Vidiadhar Surajprasad Naipaul was not much liked in either India or Pakistan. An Area of Darkness (1964) was banned in India but no one could have missed the excellence of his prose, including the infamous page on “how Indians defecate”. Naipaul balanced the scales of insult by writing Among the Believers (1981) on Pakistan. But as we stand back today to assess Naipaul, let’s take the South Asian civilisation as a whole and how English fiction and travel writing have struggled to define it.
EM Forster touched upon the “mysterious” Indian character in A Passage to India and left us to decipher what his ambivalence actually communicated. Ruth Prawer Jhabvala did not see any mystery in the Indian character and exploded the myth in her books, which some in India didn’t like because her insights were too realistic to ignore. Naipaul, before he began debunking Muslims, did the same kind of thing to the “Mystical East” theory about India.
Naipaul’s travel book Beyond Belief (1998) — a follow-up to Among the Believers — was an account of Iran, Pakistan, Indonesia and Malaysia. This exacerbated the Muslim feelings aroused earlier. Then in 1990, he wrote his third book on India, India: A Million Mutinies Now, and seemed to make up for his past grumpiness. But his thesis in Beyond Belief is that converts are worse than the original believers because their zeal springs from a disavowal of the native in their soul.
According to him, Islam is in its origin an Arab religion. Islam is not simply a matter of conscience or private belief. It makes imperial demands. A convert’s world view alters. His holy places are in Arab lands. His idea of history alters. The convert has to turn away from everything that is his. The disturbance for society is immense, and even after a thousand years, can remain unresolved; the turning away has to be done again and again. In the Islam of converted countries, there is an element of neurosis and nihilism. These countries can easily be set on the boil.
Naipaul wrote in a different style in his earlier books. There was an effort at prose writing, there was music in his turn of phrase, and he stood apart from other writers of his age because he wrote so sensitively. By the time he came to Beyond Belief, his focus on faithful reproduction of experience was so intense that he simply transcribed his notes and tapes and didn’t tinker with the “testimony” too much. The verdict, patched together from the people he met in Pakistan, is damning in the extreme, and unfortunately, difficult to fault. Describing the Hindu and Muslim communities in pre-1947 India, he writes: “The Muslims, wounded by their loss, and out of old religious scruples, stood aside. It was the beginning of the intellectual distance between the two communities. This distance has grown with independence; and it is this — more even than religion now — that at the end of the twentieth century has made India and Pakistan quite distinct countries. India, with an intelligentsia that grows by leaps and bounds, expands in all directions. Pakistan, proclaiming only faith and then proclaiming the faith again, ever shrinks.”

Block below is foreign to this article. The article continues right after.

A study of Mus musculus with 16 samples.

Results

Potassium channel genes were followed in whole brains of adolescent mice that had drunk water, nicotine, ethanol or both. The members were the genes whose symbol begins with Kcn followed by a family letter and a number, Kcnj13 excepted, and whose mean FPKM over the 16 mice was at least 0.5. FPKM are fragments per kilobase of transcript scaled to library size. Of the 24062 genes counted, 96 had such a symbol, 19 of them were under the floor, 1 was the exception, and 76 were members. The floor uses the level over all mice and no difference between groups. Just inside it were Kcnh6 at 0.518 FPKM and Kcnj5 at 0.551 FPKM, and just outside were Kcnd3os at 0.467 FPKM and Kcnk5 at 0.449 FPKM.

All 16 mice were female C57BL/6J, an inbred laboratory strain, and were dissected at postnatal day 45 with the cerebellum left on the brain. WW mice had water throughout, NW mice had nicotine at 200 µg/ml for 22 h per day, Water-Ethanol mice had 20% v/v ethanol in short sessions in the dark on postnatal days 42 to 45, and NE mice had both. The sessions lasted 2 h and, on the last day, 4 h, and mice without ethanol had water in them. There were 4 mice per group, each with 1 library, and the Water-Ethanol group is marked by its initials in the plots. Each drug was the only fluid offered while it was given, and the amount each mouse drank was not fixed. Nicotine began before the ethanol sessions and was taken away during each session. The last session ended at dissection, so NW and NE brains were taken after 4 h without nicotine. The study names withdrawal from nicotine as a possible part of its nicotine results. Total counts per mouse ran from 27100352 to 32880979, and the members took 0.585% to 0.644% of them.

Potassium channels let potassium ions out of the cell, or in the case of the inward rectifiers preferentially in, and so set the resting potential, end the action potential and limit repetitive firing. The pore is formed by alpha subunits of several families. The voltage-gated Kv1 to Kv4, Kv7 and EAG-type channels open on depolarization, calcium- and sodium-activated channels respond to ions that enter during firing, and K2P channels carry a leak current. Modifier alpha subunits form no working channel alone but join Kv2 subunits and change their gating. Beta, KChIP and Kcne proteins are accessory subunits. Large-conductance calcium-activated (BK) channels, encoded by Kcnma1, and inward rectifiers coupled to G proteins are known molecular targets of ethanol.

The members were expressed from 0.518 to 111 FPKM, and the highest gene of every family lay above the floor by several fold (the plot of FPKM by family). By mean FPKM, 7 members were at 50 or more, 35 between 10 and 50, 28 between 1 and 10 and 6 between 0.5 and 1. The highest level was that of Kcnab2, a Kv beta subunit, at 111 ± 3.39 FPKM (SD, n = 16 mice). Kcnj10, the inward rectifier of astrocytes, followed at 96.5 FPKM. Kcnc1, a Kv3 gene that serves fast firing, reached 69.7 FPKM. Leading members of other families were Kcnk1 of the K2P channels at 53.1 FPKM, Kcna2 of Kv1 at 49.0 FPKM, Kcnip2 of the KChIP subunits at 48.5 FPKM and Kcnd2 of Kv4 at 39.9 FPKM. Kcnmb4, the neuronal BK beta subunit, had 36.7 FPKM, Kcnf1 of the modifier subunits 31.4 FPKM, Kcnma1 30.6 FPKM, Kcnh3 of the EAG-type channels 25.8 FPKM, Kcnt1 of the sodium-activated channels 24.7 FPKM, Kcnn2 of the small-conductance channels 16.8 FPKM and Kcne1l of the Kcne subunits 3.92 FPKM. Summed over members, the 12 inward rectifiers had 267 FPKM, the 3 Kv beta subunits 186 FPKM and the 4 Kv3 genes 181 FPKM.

Naipaul’s observation is not far wrong — only the repetitive barrenness of ideology he reads in the beginning of Pakistan reappeared in the 1980s and intensifies today. His reaction to widespread corruption in the “ideological” and “pure” state is worth quoting today: “The corruption was too gross; the state was finally undermined. Public faith and private plunder made a circle. There was no point now at which that circle could be broken into, a fresh start made. After the cynicism and intellectual idleness of four decades, the state, which in the beginning had been to some like God, had become a criminal enterprise.”
Pakistan has responded by imprisoning its three-time prime minister, Nawaz Sharif and electing charismatic Imran Khan to cleanse the country of corruption. India has unleashed its Swachh Bharat campaign to show Naipaul that it has changed its old ways.